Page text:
Kids Are Vocalizing Their Mental Health Struggles. Here’s How Adults Can Respond
Children’s magazine Highlights has seen firsthand how this pandemic is impacting children.
They receive up to 2,600 letters a month from children all over the world. For the last 75 years, they’ve responded to every single one of them.
These days, Highlights says about half of the letters are about COVID-19. But the things children are worried about are somewhat different than adults: Not a single kid, according to Highlights, has written about the pain of wearing a mask to school every day.
But they do write about things like feeling alone, missing their friends and worrying about their parents.
Christine French Cully, editor-in-chief for Highlights, says the top concerns she’s seen from kids’ letters during the pandemic are boredom, disappointments, school and the health of others.
When a Highlights staff member responds to a letter, they make sure the child’s feelings are validated and encourage the child to talk with a trusted adult, Cully says. Kids don’t expect adults to have the answers right away, she says. Rather, young people mostly want to feel heard and supported.
“If we lean in and listen to kids, we inevitably learn something that helps us serve kids better,” she says. “They want more connection. They crave more meaningful moments with their parents and the other adults they love.”
And it’s more crucial now than ever: The Centers for Disease Control and Prevention has reported spikes in suicide and depression among young people during the pandemic.
“It’s hard being stuck at home and not really seeing all my friends,” says 10-year-old Millie O’Hara of Tempe, Arizona. “They helped me a lot when I was in other grades and they helped me with stress and anxiety.”
Now that in-person learning is back in session in most parts of the country, many school systems are trying to meet the overwhelming mental health needs of students.
Escondido High School in Southern California recently created a 1,600 square foot wellness center. And so far, the school says more than 500 students have already sought help.
“While many of our students are enjoying connecting with their peers again on campus, there are also many who are expressing a heightened anxiety around socializing,” says Kim Bodie, a social worker for the high school.
Students also feel academic pressure to catch up on what was lost over the pandemic, she says. At the same time, she says some families struggle with access to basic needs and housing.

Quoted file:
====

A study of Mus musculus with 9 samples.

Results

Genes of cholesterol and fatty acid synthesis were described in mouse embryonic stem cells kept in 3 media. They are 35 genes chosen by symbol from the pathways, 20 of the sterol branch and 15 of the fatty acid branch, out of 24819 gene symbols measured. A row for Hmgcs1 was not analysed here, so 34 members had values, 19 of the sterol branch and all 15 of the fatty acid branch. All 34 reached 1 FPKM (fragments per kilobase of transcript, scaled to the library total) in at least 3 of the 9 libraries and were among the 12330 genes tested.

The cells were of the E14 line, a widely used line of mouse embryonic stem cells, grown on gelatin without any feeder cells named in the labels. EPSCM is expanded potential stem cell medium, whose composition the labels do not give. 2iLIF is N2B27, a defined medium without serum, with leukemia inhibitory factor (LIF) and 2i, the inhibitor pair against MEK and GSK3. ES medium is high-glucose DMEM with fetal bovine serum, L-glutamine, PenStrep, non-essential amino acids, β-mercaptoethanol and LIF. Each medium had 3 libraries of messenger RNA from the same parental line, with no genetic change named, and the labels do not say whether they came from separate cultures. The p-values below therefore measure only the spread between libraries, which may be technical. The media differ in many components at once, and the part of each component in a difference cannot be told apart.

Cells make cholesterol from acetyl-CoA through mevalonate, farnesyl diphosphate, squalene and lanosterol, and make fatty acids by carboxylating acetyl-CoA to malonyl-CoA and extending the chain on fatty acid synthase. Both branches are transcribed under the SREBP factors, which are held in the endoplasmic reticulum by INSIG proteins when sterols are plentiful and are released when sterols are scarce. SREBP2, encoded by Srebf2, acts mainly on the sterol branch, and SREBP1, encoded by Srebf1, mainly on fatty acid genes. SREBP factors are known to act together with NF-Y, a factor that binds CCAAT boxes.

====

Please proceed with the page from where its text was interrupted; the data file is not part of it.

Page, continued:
Students’ anxiety manifests in a variety of ways in and outside of the classroom, Bodie says, such as stomach aches, lack of sleep, isolation and high or low energy. While teachers and staff can refer students to the wellness center, she says some students are referring themselves.
Students can utilize the center’s social workers throughout the day to tackle challenging topics — suicide, eating disorders, family dynamics, anxiety, losses within families and more.
The school’s social workers “are triaging with our school-based teams — counselors and administrators — to determine the most appropriate intervention for the student and then working closely with the family to help connect them to those support services,” she says.
The wellness center provides programs and workshops that uplift student voices and promote empowerment, she says.
While 500 kids have accessed the center, there are still thousands of students who haven’t. Bodie says teachers and parents should keep an eye out for abrupt changes in attendance, engagement, peer relationships or interests as warning signs.
It’s safe to say that adults should be checking in with young people, Bodie says. A lot of kids are dealing with the consequences of not treating some of the anxiety around the pandemic and re-socializing, which can interfere with the actual learning in the classroom.
“I do believe that this is the year to offer grace and compassion to ourselves, our teachers and to our kids,” she says. “I know that this is a major adjustment for our students.”
Not all schools around the country have the means to create a designated center for students to address mental health and wellbeing. Bodie suggests schools hold space for students to gather together and express their feelings. Students are asking for help and want to talk, she says, so incorporate them when talking about the challenges in moving forward.
She also advises that schools “proactively provide curriculum to prevent behaviors that we don’t want to see from our students.”
More and more kids are talking openly about their mental health, Bodie says, and while that may feel alarming, it’s actually a good sign that young people are confiding in adults.
“I believe that this just may be the silver lining of the pandemic,” she says, “that students and adults are more openly talking about how they’re feeling, how they manage stress, how they cope and what’s most important to them.”
If you or someone you know may be considering suicide, contact the National Suicide Prevention Lifeline at 1-800-273-8255 (En Español: 1-888-628-9454; Deaf and Hard of Hearing: 1-800-799-4889) or the Crisis Text Line by texting 741741.
Marcelle Hutchins produced and edited this interview for broadcast with Peter O’Dowd. Serena McMahon adapted it for the web.
This article was originally published on WBUR.org.